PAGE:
ICHIRO SUZUKIIchiro Suzuki ended his storied professional baseball career on Thursday night where it began, competing in Japan and before a sellout crowd of 46,451.

Suzuki, 45, started and played 7 1/2 innings for the Seattle Mariners, who played 12 in defeating the Oakland Athletics 5-4.

The Mariners raised their record to 2-0 in their special two-game opening to the MLB season.

Seattle got the winning run, in a game that took four hours, 27 minutes, on a force-out grounder to shortstop by Domingo Santana. The throw to first base for what would have been an inning-ending double play sailed too high to get the batter, allowing Dee Gordon to score from third with the go-ahead run.

Hunter Strickland retired Oakland in order in the bottom of the 12th to earn the save.

Suzuki reportedly told the Mariners before the game that he indeed would retire afterward, and word of his announcement broke throughout the international media early in the game.

Suzuki, who started in right field, went 0 for 4, grounding out to shortstop in his final at-bat, which came in the eighth inning.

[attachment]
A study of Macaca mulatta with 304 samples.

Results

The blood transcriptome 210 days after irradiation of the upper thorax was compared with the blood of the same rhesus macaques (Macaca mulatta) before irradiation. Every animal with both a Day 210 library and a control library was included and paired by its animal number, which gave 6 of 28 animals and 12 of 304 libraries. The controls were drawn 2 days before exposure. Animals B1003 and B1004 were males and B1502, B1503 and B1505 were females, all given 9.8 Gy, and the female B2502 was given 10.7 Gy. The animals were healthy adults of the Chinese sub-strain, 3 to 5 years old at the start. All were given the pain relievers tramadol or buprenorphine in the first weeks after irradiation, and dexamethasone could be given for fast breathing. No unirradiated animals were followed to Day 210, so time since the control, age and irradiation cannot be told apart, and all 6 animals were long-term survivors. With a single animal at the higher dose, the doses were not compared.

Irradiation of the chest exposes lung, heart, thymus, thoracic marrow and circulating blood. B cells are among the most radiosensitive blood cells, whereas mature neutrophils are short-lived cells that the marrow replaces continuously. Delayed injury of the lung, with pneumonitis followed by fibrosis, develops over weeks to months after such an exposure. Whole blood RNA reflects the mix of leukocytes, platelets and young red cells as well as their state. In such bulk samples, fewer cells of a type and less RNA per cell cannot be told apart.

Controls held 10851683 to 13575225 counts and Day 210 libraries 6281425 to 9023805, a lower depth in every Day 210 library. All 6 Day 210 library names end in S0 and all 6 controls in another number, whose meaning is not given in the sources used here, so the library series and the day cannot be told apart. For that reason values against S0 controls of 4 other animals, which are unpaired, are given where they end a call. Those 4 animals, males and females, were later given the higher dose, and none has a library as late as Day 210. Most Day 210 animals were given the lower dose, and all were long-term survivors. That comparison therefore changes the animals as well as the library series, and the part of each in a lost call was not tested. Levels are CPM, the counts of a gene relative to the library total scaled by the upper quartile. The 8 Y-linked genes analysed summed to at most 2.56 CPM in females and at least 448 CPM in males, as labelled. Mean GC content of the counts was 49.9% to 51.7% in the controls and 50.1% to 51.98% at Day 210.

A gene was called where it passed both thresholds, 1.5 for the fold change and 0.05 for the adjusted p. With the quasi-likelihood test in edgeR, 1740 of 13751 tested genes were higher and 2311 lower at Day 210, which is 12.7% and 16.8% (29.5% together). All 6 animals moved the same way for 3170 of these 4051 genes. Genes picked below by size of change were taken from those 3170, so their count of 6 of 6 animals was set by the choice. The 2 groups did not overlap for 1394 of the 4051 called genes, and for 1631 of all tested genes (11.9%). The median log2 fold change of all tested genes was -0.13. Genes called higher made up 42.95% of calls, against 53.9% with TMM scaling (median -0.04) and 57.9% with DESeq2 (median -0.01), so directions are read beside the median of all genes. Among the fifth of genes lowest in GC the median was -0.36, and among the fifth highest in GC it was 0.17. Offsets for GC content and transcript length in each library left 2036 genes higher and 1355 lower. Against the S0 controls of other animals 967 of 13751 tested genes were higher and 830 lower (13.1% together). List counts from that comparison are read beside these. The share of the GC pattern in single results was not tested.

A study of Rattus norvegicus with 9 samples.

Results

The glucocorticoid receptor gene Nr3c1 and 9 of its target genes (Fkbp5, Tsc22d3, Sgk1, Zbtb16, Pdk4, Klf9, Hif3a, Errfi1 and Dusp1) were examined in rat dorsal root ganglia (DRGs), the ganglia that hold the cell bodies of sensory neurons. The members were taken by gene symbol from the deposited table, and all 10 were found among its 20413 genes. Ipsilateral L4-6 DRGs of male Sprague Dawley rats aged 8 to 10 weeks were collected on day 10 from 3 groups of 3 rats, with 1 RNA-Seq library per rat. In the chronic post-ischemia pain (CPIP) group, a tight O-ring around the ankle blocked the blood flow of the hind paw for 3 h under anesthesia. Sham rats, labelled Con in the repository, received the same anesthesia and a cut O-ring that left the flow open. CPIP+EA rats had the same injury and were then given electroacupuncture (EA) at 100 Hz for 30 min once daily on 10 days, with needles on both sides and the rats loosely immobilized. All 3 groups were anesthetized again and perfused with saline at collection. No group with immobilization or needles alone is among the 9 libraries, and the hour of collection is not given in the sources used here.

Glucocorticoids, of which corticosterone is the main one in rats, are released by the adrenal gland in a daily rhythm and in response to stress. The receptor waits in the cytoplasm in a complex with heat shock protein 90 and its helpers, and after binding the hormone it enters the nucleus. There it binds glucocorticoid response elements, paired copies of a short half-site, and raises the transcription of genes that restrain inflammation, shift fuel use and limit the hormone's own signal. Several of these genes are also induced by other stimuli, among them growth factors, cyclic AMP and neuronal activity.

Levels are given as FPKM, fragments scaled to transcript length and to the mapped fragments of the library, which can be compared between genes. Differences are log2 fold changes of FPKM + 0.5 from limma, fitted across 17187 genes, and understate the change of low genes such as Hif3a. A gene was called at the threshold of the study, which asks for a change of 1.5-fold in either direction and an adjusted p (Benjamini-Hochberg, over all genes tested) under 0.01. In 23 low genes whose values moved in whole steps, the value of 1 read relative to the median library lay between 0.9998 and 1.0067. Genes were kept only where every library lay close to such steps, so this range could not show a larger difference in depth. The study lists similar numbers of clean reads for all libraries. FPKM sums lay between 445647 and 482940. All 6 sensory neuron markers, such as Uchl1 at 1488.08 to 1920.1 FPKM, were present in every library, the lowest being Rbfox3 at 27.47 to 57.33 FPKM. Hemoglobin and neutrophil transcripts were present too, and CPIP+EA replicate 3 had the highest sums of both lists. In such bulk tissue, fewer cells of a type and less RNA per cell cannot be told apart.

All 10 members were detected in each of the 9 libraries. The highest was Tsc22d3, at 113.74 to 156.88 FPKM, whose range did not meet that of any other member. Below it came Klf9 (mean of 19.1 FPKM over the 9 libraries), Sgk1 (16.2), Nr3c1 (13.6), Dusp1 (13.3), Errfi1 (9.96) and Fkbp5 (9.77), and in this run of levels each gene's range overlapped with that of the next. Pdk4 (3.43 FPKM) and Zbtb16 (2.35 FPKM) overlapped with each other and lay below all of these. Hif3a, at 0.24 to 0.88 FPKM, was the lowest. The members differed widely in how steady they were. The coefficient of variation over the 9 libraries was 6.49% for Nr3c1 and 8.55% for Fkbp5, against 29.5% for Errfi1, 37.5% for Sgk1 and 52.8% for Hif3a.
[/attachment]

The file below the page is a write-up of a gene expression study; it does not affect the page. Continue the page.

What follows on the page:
He took the field briefly after that, but then was called to the dugout, replaced by rookie Braden Bishop and in right by Mitch Haniger — and the final ovation and celebration began in the dome.

Suzuki got hugs from his teammates and coaches — along with Hall of Famer and former Mariners star Ken Griffey Jr. — and doffed his cap several times to the crowd before heading to the locker room.

Suzuki, who made several routine plays in the outfield on Thursday, finished his MLB career, all with Seattle, owning 3,089 hits. He came from Japan to the Mariners in 2001.

Seattle took a 2-0 lead Thursday on a second-inning home run by former University of Oregon standout Ryon Healy.

Haniger's homer in the third boosted the Mariners' lead to 3-0.

After Oakland scored twice in the fifth, Healy scored on Jay Bruce's sacrifice fly to give Seattle an 8-4 edge in the seventh.

The A's tied the score in the seventh, with Krhis Davis plating two runs on a single to center field.

Oakland finished with 10 hits while Seattle had nine.

Yusei Kikuchi, a 27-year-old left-hander from Japan, made his MLB debut in a starting role for Seattle and gave up four hits and two runs (one earned) over 4 2/3 innings.